Posted by Barry Silverstein on October 22, 2009 03:25 PM
DVD movie sales are dropping as computers and cell phones become the primary channels for all things visual, especially the way consumers access movies. That's why the entertainment industry is scrambling to figure out a new delivery system that protects their revenue.
And smack in the middle of the fray is none other than Disney, who is ready to unveil "Keychest" next month. According to The Wall Street Journal:
The technology would allow consumers to pay a single price for permanent access to a movie or TV show across multiple digital platforms and devices... It could also facilitate other services such as online movie subscriptions.
Who else is lurking in the background of this story? Why Apple, of course. As Disney's top shareholder, Apple CEO Steve Jobs is likely to encourage Apple's support of Keychest. This sets up a potential battle with a competing initiative known as DECE (Digital Entertainment Content Ecosystem), says The Journal.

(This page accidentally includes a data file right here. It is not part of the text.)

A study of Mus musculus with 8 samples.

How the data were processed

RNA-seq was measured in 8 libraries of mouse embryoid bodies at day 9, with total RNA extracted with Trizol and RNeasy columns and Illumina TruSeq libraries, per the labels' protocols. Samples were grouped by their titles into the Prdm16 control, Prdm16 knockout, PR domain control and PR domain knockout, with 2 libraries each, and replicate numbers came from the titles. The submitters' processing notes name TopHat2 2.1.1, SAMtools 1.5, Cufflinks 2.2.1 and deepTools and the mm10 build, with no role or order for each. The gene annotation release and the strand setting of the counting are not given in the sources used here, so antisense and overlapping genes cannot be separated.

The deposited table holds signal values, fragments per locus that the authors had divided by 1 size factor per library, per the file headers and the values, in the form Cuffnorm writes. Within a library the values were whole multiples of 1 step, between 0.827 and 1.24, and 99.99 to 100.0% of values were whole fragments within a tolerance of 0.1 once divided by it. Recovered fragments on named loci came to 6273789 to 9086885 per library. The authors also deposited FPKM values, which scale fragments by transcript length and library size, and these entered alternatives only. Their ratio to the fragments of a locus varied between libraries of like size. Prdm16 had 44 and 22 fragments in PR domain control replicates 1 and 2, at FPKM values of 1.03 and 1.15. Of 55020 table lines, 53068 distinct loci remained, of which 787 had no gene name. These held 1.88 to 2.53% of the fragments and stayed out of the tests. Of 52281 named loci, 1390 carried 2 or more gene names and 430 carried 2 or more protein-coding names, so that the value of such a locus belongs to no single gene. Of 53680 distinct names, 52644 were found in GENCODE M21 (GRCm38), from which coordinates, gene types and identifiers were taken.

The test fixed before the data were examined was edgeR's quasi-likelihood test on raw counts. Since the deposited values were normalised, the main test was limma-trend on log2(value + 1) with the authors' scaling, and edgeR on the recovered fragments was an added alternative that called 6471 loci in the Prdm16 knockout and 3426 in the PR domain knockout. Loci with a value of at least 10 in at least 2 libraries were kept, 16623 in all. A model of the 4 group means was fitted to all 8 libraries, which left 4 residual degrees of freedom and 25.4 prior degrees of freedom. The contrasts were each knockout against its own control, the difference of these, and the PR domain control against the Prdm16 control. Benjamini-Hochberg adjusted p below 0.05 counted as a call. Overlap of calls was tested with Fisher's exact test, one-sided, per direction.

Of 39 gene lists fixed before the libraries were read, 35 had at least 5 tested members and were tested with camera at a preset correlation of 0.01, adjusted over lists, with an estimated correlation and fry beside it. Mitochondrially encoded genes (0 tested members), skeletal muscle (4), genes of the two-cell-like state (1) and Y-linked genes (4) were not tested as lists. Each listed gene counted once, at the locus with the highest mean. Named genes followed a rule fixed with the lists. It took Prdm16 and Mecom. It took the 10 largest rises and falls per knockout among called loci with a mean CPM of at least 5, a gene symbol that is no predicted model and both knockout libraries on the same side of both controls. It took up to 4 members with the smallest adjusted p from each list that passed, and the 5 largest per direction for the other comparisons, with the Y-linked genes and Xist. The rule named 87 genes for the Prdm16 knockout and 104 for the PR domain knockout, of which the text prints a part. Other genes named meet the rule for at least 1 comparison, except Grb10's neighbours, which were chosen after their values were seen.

DECE has similar goals to Keychest, but it is driven by Disney's rival, Sony, in association with five Hollywood studios and several technology companies. Disney says, however, that Keychest uses existing digital formats, while DECE involves new standards and formats. Keychest will literally generate a "key" when a movie is purchased so the consumer can view it in any available format.
Both Keychest and DECE lag behind online subscription service Netflix, which already offers the ability to rent DVDs or watch movies instantly on a computer or television. However, the entire Netflix library is not available for online viewing, and instant TV viewing requires another device at an additional cost.
Keychest may prove to be further evidence that two companies -- Disney and Apple -- dominate innovation in the entertainment world.